Sea to Sky Outdoor School has long promoted the mantra of Wow, Wonder, and Work. After learners engage with a topic with an inspiring experience (Wow) and reflect on this experience (Wonder), students can put their learning to use (Work). The latter part operationalizes beliefs and makes learning relevant; and likely does the world good.
Often in school, all three of these occur during instructional hours making me wonder if the work truly is service. Just as guided inquiry is needed as students learn to enter their own cycles of inquiry, perhaps a guided service cycle is needed prior to students entering into their own cycle of service, but the goal of service learning should be that students perform service on their own time, and not to earn points. If the Wow and Wonder are truly effective, students will be motivated to share their learning with others and put their learning to use.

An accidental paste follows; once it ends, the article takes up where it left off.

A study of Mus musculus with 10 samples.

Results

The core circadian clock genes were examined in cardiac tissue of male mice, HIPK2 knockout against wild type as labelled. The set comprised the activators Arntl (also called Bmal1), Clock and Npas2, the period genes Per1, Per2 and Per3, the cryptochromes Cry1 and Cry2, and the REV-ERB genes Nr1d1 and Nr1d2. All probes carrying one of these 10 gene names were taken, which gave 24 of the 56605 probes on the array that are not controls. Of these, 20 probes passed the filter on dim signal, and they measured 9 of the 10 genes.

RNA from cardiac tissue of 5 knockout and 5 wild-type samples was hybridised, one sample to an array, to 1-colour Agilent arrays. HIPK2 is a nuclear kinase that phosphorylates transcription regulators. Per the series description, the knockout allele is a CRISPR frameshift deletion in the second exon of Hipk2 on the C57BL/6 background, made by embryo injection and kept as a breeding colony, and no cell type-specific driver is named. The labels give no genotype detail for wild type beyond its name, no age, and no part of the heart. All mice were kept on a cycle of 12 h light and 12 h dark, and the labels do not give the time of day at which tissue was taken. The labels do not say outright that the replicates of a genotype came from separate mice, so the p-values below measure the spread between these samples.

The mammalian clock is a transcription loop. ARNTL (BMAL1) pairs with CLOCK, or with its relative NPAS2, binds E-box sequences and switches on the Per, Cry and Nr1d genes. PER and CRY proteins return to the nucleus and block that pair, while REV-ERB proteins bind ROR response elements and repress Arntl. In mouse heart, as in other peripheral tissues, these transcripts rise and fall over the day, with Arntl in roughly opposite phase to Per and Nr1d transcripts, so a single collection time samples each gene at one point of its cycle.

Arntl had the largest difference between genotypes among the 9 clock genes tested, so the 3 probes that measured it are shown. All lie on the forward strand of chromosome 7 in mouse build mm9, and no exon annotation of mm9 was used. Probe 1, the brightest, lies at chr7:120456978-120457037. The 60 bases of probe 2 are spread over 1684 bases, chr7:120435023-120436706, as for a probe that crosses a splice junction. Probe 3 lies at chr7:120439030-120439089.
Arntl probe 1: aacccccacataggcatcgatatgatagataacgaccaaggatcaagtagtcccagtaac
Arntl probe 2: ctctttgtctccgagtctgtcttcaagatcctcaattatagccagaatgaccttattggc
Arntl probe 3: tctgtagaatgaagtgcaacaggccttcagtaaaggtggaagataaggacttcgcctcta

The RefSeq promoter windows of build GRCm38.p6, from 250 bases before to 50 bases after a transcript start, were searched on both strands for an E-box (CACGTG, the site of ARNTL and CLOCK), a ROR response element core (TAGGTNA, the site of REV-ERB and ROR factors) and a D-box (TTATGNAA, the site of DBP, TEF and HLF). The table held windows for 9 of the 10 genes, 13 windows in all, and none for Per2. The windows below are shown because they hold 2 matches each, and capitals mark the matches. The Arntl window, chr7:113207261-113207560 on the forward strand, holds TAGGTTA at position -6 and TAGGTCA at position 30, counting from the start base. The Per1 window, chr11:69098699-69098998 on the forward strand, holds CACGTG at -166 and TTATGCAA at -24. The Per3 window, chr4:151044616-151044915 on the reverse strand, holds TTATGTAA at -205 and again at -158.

At Bowen Island Community School, School District 45’s academy outside45 has much work ahead in embedding service in learning, but I was pleased that approximately 40 students and parents came to help build our school’s second garden this past Saturday. The event was organized by BICS’ Community School Coordinator Sarah Haxby and O45 teachers. There were no service points awarded and many of the students who attended were in Grade 7 so by the time the garden will be built they will no longer be at BICS. They do have the privilege of knowing that they helped the school and all of the students who come after them though. Service.
outside45 has in its first two years really focused on the Wow and Wonder of education. In future blog posts, I hope to share some thinking about the role of service in education and in speaking with students, parents, and outside45’s thoughtful educators, share what it looks like.
There will always be a place for service occurring within “school hours” but I think the standard of success for service learning is when students put their learning to use on their own time.